Vol. 12 – Nos. 3 – 4 (Double Issue) (2002) Special Section on Augustow District
A general history of the Augustow District (created in 1866 as part of the Suwalki Gubernia) is presented in this article. The Polish-Lithuanian Commonwealth existed from 1569 to 1795, the date of the Third Partition of Poland. From 1795 to 1807 the area was known as New East Prussia when Prussia was in control. From 1807 to 1815 this area came under French control as the Duchy of Warsaw when Napoleon defeated Prussia. In 1815 the Kingdom of Poland (also known as Congress Poland and Russian Poland) was established by the Czar of Russia and the Augustow Province came into being. In 1866 the Augustow Province was divided into Suwalki and Lomza gubernias, together known as a district or powiat in Polish. One was the Augustow District. When Lithuania became independent in 1918, the former Suwalki gubernia Districts of Wladyslawow, Kalwaria, Marijampol, and Wolkowiszki and the northern Senjy District became part of that country.
Vol. 13 – Nos. 1 – 2 (Double Issue) (2003) Special Section on Wladyslawow/Neustadt (Part I)
A map of Suwalki Gubernia Portion of the 1866 Map provides the spelling of village names just before the Russification program.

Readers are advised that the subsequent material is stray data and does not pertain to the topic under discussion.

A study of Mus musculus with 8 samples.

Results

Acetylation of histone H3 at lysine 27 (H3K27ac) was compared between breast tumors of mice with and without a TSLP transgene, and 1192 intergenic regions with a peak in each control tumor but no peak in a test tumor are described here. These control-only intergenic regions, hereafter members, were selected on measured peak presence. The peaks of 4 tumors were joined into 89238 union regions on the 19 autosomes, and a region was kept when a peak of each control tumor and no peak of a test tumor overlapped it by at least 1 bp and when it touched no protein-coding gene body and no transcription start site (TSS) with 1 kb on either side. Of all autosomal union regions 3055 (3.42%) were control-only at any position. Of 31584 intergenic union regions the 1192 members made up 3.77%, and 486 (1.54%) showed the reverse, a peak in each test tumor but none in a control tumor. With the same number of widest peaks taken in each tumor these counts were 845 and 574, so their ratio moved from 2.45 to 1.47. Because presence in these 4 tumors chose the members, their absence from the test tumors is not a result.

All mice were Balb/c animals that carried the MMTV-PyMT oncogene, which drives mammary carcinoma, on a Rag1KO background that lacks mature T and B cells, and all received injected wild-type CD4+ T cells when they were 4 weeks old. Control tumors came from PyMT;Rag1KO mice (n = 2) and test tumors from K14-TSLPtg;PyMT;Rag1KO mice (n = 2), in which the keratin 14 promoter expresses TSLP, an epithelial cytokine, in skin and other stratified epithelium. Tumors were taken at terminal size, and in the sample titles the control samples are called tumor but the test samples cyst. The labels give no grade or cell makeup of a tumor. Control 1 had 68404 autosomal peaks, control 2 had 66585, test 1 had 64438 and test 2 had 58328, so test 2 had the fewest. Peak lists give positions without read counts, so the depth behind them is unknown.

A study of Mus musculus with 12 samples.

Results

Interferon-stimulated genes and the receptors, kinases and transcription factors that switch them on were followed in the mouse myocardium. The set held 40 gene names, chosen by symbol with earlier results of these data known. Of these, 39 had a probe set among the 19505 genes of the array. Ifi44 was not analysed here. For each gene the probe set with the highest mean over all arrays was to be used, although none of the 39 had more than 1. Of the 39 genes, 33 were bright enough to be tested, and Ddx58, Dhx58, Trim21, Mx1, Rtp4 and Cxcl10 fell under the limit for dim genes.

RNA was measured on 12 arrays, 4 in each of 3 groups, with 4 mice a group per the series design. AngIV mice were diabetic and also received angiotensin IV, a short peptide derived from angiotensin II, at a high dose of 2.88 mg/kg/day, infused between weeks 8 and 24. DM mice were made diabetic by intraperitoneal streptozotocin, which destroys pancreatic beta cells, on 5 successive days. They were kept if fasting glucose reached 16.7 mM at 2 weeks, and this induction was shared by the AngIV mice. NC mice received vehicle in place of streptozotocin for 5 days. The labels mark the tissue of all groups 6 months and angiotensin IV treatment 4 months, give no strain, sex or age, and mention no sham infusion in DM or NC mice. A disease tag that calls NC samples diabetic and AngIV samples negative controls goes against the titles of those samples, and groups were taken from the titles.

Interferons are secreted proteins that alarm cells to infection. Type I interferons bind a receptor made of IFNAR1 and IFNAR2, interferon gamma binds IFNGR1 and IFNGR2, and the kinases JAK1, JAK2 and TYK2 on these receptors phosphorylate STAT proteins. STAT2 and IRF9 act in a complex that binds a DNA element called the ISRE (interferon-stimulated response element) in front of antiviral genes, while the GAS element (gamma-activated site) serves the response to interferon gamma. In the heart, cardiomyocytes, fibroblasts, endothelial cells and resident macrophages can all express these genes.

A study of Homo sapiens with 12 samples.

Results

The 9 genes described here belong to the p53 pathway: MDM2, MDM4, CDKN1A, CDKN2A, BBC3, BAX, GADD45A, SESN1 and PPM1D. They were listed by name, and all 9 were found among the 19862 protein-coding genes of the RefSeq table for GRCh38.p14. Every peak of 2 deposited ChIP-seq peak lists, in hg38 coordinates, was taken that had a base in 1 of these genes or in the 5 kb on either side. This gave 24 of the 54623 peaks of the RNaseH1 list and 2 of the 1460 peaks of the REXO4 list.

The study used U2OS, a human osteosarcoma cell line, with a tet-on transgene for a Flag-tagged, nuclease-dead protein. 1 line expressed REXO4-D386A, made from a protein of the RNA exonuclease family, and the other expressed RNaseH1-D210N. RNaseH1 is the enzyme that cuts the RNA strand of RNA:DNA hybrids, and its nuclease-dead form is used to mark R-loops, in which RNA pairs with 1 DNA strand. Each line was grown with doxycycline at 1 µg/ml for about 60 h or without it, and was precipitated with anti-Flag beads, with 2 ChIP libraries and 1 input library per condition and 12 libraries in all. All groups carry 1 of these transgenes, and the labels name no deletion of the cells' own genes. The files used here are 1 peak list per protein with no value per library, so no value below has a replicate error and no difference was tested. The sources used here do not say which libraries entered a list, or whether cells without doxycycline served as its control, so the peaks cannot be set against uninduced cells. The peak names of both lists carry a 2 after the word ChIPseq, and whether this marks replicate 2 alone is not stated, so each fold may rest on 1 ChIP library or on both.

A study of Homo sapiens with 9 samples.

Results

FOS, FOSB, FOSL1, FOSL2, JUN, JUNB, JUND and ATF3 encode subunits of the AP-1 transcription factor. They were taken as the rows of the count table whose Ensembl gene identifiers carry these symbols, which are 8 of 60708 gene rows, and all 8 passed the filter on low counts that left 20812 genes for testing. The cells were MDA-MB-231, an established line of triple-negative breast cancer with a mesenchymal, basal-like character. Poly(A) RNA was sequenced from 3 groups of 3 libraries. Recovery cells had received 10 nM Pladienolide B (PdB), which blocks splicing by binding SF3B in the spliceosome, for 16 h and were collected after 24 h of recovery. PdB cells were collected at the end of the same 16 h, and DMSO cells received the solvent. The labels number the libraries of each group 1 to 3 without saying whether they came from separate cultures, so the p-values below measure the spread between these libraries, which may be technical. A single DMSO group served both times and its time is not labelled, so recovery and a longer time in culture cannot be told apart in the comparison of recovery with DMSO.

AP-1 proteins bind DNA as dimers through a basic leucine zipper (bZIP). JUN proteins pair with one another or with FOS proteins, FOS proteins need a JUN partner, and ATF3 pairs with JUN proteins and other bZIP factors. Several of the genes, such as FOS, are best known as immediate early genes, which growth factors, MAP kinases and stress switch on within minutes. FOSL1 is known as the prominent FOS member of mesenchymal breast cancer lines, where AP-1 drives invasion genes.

Vol. 14 – Nos. 1 – 2 (Double Issue) (2004) Source Material for New-East Prussia
This article describes the many documents for Suwalk-Lomza towns (c. 1796-1810) and provides a brief history of the administrative divisions of the land that was New East Prussia (1795 to 1807), the Duchy of Warsaw (1807 to 1815), the Kingdom of Poland (aka Congress Poland (1815 to circa 1867) when it became known as the Augustow Gubernia (Province). After the Polish insurrections of 1861 to 1865, the two gubernias of Suwalki and Lomza were formed (1866 to the end of WWI). The succinct history allows the reader to trace follow his ancestors through governmental changes.
The article ends with a four page list of examples titled “Selected Items from Sources for the History of Jews in the Archives of the New Federal States Volume 2, Part II New East Prussia” and lists genealogical information about Jews in various towns in the Lomza gubernia.